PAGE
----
Compounds that could stop covid and flu viruses infecting human cells have been discovered in sea sponges.
Researchers unearthed 26 such compounds in nature, including in plants and fungi.
The international research team say their discovery paves the way for new antivirals than can help treat the virus.
They claim the compounds will help tackle existing and future variants as well as flu because they target human cells, which evolve more slowly than viruses.
They are effective in very small doses and completely stop viral infection in cells, the team add.
The study’s co-first author Dr Jimena Pérez-Vargas from the University of British Columbia in Canada explained: “The advantage of these compounds is that they are targeting the cells, rather than the virus, blocking the virus from replicating and helping the cell to recover.
“Human cells evolve more slowly than viruses, so these compounds could work against future variants and other viruses such as influenza if they use the same mechanisms.”
For the study, the team investigated more than 350 compounds derived from natural sources including plants, fungi, and marine sponges in a bid to find new antiviral drugs that can be used to treat the novel disease.
They bathed human lung cells in solutions made from these compounds and then infected the cells with Covid.
By doing this, they found 26 compounds completely stop coronavirus infection in cells.
The researchers used a version of the coronavirus which causes cells to go bright green when they are infected, as well as a special screening technique, to make the discovery.
They say the fluorescent virus is a powerful tool that enable scientists to check thousands of compounds, track the virus as it moves from one cell to another and makes extremely laborious steps that used to be necessary completely redundant.
All three of the most effective compounds were found in Canada- alotaketal C from a sea sponge collected in Howe Sound, British Columbia, bafilomycin D from a marine bacteria collected in Barkley Sound, British Columbia and holyrine A from marine bacteria collected in waters off Newfoundland.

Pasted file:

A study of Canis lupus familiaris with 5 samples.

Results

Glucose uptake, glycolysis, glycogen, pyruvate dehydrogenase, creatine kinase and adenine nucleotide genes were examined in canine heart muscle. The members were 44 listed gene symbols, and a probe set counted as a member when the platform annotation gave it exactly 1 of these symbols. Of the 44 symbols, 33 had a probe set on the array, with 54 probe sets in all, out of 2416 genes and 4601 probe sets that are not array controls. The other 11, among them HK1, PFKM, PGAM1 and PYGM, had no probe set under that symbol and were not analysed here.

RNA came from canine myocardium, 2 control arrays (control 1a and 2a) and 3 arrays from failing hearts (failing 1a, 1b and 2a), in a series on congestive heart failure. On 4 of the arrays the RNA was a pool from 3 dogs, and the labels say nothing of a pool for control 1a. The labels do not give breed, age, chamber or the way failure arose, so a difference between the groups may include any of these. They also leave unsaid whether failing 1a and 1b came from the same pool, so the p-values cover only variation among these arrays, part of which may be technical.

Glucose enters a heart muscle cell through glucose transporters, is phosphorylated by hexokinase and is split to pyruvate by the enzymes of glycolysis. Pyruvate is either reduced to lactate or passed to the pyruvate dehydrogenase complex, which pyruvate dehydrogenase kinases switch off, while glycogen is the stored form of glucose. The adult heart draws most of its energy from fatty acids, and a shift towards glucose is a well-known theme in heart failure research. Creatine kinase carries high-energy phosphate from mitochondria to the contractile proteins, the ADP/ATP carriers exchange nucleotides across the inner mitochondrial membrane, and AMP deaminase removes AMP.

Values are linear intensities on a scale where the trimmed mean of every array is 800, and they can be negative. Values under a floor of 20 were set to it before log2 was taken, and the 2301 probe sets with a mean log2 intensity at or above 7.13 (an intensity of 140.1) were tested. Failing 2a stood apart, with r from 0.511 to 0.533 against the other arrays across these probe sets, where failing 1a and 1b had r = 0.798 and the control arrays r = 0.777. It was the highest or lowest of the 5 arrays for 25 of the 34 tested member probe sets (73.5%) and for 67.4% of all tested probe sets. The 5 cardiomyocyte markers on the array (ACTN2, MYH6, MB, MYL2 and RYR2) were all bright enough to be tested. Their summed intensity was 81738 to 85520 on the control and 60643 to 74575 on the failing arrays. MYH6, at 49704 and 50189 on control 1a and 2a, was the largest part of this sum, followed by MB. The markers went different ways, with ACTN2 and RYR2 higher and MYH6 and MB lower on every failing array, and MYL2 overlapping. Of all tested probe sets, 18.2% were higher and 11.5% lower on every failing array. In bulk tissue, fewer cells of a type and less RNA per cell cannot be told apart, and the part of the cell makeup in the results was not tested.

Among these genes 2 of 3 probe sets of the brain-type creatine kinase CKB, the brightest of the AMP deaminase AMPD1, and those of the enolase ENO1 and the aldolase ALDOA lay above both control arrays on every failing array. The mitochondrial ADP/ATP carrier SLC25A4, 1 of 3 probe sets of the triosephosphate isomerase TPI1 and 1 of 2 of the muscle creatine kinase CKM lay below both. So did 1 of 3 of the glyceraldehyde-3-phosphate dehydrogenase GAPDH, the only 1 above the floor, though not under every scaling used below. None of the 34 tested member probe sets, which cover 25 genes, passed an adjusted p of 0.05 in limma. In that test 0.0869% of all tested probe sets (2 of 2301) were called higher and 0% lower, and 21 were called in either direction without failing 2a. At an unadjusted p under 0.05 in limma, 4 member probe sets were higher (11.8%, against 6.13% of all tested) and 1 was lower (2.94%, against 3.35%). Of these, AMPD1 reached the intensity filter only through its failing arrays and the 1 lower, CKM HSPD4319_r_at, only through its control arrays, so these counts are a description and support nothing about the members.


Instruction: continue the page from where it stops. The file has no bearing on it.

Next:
Further tests showed the three compounds were effective against the delta variant and several omicron variants, and they are about as safe for human cells as existing Covid treatments.
Many of these treatments are no longer effective against currently circulating omicron variants because the virus is evolving.
This highlights the need for new antivirals, the team say.
Bafilomycin D was found to work synergistically with an existing antiviral nasal spray against omicron sub-variant BA.2.
This paves the way for multidrug treatments that work against the coronavirus as well as other common viruses.
The team now want to test the compounds in animal models in the next six months.
The study’s senior author Dr François Jean from the same university added: “Our research is also paving the way for large-scale testing of natural product medicines that can block infection associated with other respiratory viruses of great concern in Canada and around the world, such as influenza A and RSV.”
The findings were published in the journal Antiviral Research.